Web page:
Selling your product or service to the masses in today’s modern business climate can certainly be a challenge. There are really two schools of thought on how best to approach it. There is “traditional selling,” where you’re essentially making a constant pitch to your audience regarding what you have to offer. Then there’s “relationship selling,” which many argue is a much more organic and meaningful approach. Relationship selling doesn’t ask “how can I get this person to buy what I’m offering?” and instead, shifts things towards “how can I help the person in front of me?” If the answer to that question happens to involve your product, fantastic.
Today’s sophisticated customer base requires a higher level of customer service than at any point up to now. If you want to reinvent relationship selling, you’ll have to act accordingly.
It’s All About Trust
If you think about the healthy relationships you’ve forged in your personal life, the one quality they probably all share is trust. This simple idea MUST carry over into the world of relationship selling for the best results. Try as you may, but you’ll never be able to change the fact that people are more likely to do business with people they trust than ones they don’t. To build this sense of trust, let them get to know you – either in person through face-to-face meetings or by bringing them into a professional social network like LinkedIn.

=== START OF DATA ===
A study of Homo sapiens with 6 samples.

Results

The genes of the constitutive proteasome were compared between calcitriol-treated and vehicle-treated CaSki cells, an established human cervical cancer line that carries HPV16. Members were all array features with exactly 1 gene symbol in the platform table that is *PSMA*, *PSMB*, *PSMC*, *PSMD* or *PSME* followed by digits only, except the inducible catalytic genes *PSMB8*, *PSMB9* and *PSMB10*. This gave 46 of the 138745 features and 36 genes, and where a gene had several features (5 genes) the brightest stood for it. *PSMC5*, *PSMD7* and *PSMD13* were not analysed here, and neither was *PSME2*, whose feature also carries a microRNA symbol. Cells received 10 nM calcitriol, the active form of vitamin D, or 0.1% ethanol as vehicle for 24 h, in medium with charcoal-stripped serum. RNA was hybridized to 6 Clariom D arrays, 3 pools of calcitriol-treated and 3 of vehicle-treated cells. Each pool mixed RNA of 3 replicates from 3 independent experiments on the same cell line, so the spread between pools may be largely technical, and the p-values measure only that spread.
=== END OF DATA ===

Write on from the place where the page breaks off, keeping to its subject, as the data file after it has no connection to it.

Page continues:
“What Have You Done For Me Lately?”
Though traditional selling and social selling are very different concepts, they’re still founded on similar principles. Case in point: one of the single most effective ways to reinvent your relationship selling strategy is to cut right back to the bare essentials; ask yourself the question “what do I have to do to address this customer’s needs?” Sometimes that involves changing a product or adding new features to better address the problems in your customer’s lives. To do this, however, you need to do your research and get to know your target audience in the way that will clue you into what their concerns actually are.
Remember: a large part of relationship selling isn’t just trying to create a sale for your product or service. You’re also trying to sell the most important commodity of all: yourself. Position yourself as a consultant, and let your customer know that you’re more than just a business, you’re a true problem solver in their life. Concentrate your efforts on helping your customer achieve their goals and satisfy their needs, even if your product or service isn’t necessarily the way to do that. You may lose out on a short-term sale, but what you’ll be gaining in the form of a long-term relationship will bring dividends for a lifetime.